Retail sales and use taxes missed the mark by the widest margin.  Estimated at $907.9 million, they came in at just $694.5 million—23.5 percent, or $213.5 million, lower.

Personal income tax receipts of $4.39 billion were $323.3 million lower than anticipated in the Budget Act, missing estimates by 6.9 percent.  Corporation tax receipts of $227.3 million were $49.5 million below estimates, or 17.9 percent.

“The declines in all three revenue categories may be attributable to the slower rate of job growth when compared to 2015,” said Controller Yee, the state’s chief fiscal officer.  “However, we should exercise caution by further examining and understanding the possible causes of the revenue shortfalls, as a one-month snapshot is not indicative of an economic trend.”

Total disbursements of $10.42 billion were $33.2 million lower than projected.  The state ended the month of July with unused borrowable resources of $30.37 billion, which was $1.38 billion more than expected in the 2016-17 Budget Act.  Outstanding loans of $5.63 billion were $545.5 million higher than projected. This loan balance consists of borrowing from the state’s internal special funds.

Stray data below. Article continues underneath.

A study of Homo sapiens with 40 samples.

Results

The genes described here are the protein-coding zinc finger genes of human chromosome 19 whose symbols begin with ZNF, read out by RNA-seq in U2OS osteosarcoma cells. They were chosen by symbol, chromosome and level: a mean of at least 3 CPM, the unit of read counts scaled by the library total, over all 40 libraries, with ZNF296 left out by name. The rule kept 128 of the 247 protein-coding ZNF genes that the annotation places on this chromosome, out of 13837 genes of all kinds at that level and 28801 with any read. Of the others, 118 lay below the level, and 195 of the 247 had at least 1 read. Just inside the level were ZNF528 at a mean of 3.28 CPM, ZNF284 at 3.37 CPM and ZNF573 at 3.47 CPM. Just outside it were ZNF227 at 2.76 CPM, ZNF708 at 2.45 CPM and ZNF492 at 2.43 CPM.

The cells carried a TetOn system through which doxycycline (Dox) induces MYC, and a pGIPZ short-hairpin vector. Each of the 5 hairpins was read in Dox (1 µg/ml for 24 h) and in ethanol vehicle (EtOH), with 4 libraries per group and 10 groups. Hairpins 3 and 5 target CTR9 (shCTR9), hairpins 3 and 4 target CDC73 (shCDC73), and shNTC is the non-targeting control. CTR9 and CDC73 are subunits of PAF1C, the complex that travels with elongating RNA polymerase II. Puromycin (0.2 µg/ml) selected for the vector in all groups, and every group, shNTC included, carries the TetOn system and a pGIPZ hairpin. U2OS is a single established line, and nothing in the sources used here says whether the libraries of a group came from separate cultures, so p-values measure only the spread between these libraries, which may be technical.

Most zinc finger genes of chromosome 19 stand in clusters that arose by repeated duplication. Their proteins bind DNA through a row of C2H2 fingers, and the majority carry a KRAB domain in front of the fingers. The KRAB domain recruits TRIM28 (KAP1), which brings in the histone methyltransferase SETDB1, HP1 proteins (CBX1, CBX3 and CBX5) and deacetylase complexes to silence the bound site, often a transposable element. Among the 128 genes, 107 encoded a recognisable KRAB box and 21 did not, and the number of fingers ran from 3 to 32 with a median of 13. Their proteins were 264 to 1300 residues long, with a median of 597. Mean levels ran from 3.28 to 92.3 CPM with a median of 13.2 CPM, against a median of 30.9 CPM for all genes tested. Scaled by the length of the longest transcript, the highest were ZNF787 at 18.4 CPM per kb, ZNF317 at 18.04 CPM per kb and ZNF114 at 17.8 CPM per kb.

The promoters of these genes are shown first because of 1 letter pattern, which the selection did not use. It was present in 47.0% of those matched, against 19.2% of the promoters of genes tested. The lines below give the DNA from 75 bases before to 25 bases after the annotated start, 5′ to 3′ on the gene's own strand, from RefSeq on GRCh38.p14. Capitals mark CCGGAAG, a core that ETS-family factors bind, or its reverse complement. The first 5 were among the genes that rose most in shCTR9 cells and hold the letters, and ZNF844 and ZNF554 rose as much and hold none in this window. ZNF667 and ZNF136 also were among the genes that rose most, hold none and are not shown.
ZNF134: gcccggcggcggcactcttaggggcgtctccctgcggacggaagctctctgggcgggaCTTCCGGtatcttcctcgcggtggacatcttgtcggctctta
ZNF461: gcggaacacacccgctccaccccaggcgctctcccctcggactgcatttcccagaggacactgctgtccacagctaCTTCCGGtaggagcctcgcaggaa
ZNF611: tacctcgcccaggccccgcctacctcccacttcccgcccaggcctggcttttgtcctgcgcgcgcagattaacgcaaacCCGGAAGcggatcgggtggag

For more details, read the monthly cash report.  With fire season upon us, the Controller’s August California Fiscal Focus newsletter breaks down the costs of preventing and fighting wildfires in the Golden State.

As the chief fiscal officer of California, Controller Yee is responsible for accountability and disbursement of the state’s financial resources. The Controller also safeguards many types of property until claimed by the rightful owners, and has independent auditing authority over government agencies that spend state funds. She is a member of numerous financing authorities, and fiscal and financial oversight entities including the Franchise Tax Board. She also serves on the boards for the nation's two largest public pension funds. Elected in 2014, Controller Yee is the tenth woman elected to a statewide office in California’s history. Follow the Controller on Twitter at @CAController and on Facebook at California State Controller’s Office.